Bus drivers, teachers' aides among those who may get raises

Classified positions have been hard to fill for school district

Posted 10/19/18

The Douglas County School District has 50 unfilled bus-driver positions. The hourly pay starts at $16.06 per hour. The same position in the Cherry Creek School District starts at $17.58 per hour. The …


Classified positions have been hard to fill for school district

Posted

The Douglas County School District has 50 unfilled bus-driver positions. The hourly pay starts at $16.06 per hour. The same position in the Cherry Creek School District starts at $17.58 per hour.

The shortage at DCSD forced the district to cancel several field trips — most at the middle school level — planned for this school year.

In Douglas County, educational assistants who work with students with special needs make $13.60 an hour. At Cherry Creek, similar positions start at $14.63 an hour.

“Not only are we competing with neighboring districts,” DCSD Superintendent Thomas Tucker said, “we are competing with local restaurants around here for quality people.”

The school district is struggling to attract and retain classified employees — bus drivers, teachers' aides, health assistants, educational assistants in special education and other hourly positions. At a board of education meeting on Oct. 16, district staff made a recommendation to the school board for salary increases for the hard-to-fill positions.

“It's going to take more money and time to fully address the problems we have,” Mary Chesla, the district's compensation and licensed substitute director, said during a presentation at the meeting. “It doesn't fully close the gap but it narrows it considerably.”

The recommendation depends heavily on ballot measure 5A, a $40 million mill levy override. If voters approve the tax measure on Nov. 6, additional funds would go toward teacher and staff pay and programming. Of the $40 million, $14 million would go toward staff salaries and $3 million would go toward benefits, according to Chesla.

In the district's recommendation, classified employees in hard-to-fill positions would receive a raise starting at 5 percent. In addition, those who worked during the three-year pay freeze from 2008-11 would receive a 1.5 percent raise for each year, on top of their current salary.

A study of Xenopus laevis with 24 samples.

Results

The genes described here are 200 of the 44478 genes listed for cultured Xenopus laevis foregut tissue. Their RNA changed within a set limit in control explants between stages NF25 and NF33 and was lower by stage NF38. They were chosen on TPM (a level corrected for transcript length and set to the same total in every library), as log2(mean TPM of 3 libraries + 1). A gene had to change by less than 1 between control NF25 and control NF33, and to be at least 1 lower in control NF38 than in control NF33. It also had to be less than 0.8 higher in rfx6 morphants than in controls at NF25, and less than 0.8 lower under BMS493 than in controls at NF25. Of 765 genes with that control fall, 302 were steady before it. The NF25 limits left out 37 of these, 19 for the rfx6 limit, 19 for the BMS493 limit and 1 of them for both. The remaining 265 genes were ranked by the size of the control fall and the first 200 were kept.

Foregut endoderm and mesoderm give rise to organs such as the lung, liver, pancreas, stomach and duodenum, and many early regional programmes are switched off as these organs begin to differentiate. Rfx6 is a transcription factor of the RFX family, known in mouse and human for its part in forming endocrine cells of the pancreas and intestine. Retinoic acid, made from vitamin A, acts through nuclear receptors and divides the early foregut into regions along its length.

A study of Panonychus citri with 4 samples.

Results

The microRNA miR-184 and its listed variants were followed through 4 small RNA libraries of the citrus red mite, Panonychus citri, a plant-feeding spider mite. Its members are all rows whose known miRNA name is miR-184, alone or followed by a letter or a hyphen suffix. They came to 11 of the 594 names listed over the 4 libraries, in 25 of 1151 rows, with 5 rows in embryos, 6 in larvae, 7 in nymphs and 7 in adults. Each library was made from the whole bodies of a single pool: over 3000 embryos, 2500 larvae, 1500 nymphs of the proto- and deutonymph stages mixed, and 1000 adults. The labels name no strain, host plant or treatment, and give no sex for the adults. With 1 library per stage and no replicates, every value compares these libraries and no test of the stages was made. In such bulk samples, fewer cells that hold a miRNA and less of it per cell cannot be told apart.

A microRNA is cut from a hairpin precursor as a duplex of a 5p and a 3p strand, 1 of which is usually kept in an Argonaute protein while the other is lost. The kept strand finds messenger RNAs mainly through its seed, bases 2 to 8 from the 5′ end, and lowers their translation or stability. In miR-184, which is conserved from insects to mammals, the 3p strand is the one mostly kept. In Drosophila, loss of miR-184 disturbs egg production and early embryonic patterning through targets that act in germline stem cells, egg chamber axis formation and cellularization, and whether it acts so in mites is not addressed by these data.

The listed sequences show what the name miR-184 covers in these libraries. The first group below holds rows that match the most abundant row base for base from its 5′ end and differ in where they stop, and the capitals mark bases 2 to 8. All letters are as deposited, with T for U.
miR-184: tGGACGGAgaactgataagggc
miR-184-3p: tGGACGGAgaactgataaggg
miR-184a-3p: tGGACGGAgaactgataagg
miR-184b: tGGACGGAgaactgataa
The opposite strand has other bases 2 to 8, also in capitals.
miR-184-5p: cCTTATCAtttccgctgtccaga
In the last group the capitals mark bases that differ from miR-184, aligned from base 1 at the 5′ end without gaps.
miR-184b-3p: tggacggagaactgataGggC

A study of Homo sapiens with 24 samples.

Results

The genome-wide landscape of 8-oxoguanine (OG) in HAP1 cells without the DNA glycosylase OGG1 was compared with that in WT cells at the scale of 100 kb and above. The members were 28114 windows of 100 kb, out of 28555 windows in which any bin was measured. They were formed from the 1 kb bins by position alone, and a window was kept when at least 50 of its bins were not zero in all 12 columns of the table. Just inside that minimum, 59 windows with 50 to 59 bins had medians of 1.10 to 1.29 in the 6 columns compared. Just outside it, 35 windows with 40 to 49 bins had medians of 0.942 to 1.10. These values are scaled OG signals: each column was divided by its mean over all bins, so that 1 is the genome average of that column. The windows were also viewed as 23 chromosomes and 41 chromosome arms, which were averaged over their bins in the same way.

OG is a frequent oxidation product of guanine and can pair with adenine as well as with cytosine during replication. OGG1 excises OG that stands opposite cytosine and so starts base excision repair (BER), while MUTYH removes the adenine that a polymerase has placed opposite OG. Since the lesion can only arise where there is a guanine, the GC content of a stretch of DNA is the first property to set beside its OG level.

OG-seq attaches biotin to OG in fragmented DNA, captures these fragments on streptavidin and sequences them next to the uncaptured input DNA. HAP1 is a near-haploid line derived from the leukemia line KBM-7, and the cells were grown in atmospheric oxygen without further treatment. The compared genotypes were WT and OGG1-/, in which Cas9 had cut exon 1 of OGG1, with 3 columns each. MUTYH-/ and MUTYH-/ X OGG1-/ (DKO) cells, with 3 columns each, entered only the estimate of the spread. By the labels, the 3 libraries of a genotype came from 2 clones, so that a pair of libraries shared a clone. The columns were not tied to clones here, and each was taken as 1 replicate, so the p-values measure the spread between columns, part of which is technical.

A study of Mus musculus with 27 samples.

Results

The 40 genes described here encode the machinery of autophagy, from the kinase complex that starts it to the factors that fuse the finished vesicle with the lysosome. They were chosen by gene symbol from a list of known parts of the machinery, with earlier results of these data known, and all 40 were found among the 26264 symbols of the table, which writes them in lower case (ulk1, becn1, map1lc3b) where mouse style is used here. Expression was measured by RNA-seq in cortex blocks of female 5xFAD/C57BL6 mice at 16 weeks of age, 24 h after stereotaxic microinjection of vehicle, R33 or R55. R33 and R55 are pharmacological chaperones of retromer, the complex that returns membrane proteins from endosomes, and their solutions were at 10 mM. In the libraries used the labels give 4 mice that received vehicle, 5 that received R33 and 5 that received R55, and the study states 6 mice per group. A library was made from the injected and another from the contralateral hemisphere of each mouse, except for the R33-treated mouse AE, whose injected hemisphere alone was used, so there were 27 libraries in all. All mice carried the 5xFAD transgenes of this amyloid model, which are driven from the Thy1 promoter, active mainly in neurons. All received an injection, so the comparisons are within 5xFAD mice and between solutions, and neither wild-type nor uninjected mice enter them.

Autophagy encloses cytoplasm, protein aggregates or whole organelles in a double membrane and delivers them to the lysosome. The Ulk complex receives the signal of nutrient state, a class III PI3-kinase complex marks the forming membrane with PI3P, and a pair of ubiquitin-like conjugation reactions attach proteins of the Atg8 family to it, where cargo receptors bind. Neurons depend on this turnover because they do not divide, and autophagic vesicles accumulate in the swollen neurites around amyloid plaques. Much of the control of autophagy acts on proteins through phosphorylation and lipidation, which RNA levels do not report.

Here's how it would work: A classified employee who experienced three years of the pay freeze would get a 4.5 percent raise, or 1.5 percent for each of the three years. On top of that, the employee would receive a 5 percent raise to his or her current salary.

In June, the board voted to enact a pay raise for licensed staff, which are teachers and administrators. In the 2019-20 school year, licensed employees and administrators on the district's performance evaluation systems will receive a 3.2 percent flat raise. Licensed employees will also receive a 2 percent raise for each year of the pay freeze they experienced.

The conversation on compensation for classified employees will continue at a board meeting on Nov. 13. If the mill levy override passes and the school board approves the recommendation, classified staff would receive retroactive payments for this school year through December. In January, they would have a new payroll rate for the following six months of the school year.

School board member Wendy Vogel pointed out that the school district is the largest employer in Douglas County, with 8,400 employees.

“This isn't just good for our system and students, this is good for our community,” Vogel said of the salary increases. “For us to treat people and pay them fairly is good for our whole community.”